On Friday, Sept. 4, nearly 2,000 of the world’s top young computer scientists and engineers assembled in the bowl of the Wells Fargo Center. They were awaiting the start of PennApps, the world’s largest collegiate hackathon.
“Hacking is the noblest form of research,” Kumar said.
Though it may conjure images of cybercrime, for engineers, “hacking” is the embodiment of the ingenuity it takes to solve a problem. Over the next 36 hours, PennApps contestants vied against one another to make the best possible pieces of software and hardware—and were also teaching and learning from their peers.
While the crucible of a competition featuring more than $60,000 in prizes is a motivator, students, including hundreds of high-schoolers, come to PennApps to push the boundaries of what they can do with computers.
“Whether you win the grand prize or just make your first working program and put it on the App Store, both of those are equally gratifying,” says Pranav Vishnu Ramabhadran, PennApps’ director.
Ramabhadran, a senior in the Jerome Fisher Program in Management and Technology, a dual degree program with the Engineering and Wharton schools, is carrying the torch for PennApps, an organization founded in 2009. The student group has hosted 11 such competitions in the past.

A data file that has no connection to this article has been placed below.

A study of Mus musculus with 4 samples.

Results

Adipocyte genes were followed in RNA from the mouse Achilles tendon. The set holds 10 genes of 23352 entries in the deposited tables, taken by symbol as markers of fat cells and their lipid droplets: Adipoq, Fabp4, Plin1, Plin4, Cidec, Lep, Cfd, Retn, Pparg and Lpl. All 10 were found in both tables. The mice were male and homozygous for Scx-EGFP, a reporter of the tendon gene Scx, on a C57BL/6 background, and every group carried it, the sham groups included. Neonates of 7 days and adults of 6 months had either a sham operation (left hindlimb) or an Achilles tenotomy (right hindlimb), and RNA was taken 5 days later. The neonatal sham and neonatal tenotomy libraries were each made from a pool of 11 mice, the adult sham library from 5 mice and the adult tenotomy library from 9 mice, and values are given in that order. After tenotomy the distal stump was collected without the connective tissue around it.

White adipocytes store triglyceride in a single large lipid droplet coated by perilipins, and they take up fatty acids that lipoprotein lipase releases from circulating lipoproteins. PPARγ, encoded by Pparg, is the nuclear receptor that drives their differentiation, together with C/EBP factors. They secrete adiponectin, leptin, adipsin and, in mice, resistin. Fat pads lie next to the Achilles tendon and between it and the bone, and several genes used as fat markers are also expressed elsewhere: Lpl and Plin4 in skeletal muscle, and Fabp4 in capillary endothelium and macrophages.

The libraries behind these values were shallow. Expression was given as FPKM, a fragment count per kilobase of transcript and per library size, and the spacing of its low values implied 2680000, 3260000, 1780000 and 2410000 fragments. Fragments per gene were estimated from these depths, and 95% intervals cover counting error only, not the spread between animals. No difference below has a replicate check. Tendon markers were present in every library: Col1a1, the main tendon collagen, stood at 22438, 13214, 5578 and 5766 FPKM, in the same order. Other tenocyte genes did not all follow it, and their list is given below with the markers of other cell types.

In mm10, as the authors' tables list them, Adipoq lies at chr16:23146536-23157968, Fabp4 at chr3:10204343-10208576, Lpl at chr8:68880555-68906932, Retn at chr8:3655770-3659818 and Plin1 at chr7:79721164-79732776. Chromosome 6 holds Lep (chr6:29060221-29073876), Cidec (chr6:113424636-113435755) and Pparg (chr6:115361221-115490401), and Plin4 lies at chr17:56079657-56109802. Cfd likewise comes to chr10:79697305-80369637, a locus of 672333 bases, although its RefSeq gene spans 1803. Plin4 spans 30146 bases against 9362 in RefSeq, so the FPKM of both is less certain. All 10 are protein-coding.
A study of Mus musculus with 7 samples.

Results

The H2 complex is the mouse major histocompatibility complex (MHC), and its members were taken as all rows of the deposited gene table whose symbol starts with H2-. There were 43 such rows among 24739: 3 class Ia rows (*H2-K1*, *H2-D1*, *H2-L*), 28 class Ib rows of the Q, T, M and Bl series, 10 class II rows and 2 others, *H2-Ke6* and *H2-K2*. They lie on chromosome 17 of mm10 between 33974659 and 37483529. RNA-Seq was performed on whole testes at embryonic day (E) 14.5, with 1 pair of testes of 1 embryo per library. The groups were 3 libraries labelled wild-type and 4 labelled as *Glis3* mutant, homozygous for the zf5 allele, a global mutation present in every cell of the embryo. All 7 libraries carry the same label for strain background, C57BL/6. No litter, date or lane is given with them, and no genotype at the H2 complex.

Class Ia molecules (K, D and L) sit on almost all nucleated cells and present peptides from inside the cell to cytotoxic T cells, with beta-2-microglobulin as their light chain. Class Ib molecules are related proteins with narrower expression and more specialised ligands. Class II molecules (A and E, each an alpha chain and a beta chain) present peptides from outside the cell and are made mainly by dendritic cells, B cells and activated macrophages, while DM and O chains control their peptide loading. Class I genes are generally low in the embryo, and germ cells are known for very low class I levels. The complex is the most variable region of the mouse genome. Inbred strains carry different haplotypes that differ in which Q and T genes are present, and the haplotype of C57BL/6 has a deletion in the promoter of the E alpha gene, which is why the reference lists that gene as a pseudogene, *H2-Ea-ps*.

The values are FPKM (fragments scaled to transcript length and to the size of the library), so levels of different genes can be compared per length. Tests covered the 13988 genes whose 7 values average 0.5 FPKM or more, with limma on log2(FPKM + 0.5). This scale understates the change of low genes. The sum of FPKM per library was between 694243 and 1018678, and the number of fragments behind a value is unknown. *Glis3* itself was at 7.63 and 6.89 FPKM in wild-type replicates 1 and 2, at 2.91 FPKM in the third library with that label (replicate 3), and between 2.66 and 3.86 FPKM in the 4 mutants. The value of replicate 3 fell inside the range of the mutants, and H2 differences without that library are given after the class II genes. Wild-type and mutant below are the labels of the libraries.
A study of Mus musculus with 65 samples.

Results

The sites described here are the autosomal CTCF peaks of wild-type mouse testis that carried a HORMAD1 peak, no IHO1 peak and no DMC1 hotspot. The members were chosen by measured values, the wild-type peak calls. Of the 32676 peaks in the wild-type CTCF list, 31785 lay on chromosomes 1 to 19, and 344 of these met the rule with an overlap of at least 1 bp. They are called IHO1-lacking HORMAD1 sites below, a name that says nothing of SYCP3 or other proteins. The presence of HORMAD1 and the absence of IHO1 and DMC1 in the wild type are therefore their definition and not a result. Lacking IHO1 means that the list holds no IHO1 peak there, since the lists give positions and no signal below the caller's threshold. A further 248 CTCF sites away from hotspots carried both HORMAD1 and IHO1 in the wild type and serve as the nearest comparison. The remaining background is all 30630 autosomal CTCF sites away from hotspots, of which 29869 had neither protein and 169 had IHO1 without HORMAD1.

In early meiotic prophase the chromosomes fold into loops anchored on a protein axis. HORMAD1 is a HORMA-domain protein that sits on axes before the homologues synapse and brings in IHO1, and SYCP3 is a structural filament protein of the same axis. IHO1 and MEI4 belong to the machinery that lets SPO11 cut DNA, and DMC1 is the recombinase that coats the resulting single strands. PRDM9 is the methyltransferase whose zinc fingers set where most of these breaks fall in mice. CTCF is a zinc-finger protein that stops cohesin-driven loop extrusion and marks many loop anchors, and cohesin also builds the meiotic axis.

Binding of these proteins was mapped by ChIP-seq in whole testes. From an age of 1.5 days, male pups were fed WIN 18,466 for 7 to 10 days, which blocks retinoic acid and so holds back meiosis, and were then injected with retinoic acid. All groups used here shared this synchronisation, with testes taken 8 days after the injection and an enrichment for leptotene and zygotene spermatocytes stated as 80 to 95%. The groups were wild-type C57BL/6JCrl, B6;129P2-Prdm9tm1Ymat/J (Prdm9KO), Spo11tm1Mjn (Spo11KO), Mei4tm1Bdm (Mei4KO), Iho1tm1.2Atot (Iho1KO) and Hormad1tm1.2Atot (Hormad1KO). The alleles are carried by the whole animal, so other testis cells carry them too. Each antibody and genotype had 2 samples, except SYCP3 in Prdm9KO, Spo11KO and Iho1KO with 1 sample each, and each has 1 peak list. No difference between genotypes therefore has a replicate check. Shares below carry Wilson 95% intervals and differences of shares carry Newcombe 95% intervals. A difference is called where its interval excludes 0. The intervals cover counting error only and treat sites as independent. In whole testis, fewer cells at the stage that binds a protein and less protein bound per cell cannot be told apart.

The hackathon has evolved significantly since it launched with just 17 teams, which were all from Penn. This year’s program, PennApps XII, featured hundreds of groups, hailing from the around the United States, India, Denmark, Singapore, Australia, and more. Previous iterations were held in the halls of the Engineering school. Its growing size necessitated the change in venue, secured through a partnership with Comcast.
Also new this year was the inclusion of routes, or thematic categories contestants could enter their projects into. The top “Health” hack was a program that could help detect skin cancer by taking a picture of a mole, while the top “Civic” hack provided an easier way of filling out various government forms.
The grand prize winning team, FifthSense, developed an assistive device that connects to smartphones and allows input and output in braille. Carnegie Mellon sophomores Edward Ahn, Cyrus Tabrizi, Rajat Mehndiratta, and Vasu Agrawal also took home prizes in two other categories, including best “Hardware” hack.
It was this combination of ingenuity and problem solving that impressed the panel of judges—made up of representatives from local tech and venture capital firms—and is sending the team on to an invite-only hackathon at Facebook headquarters.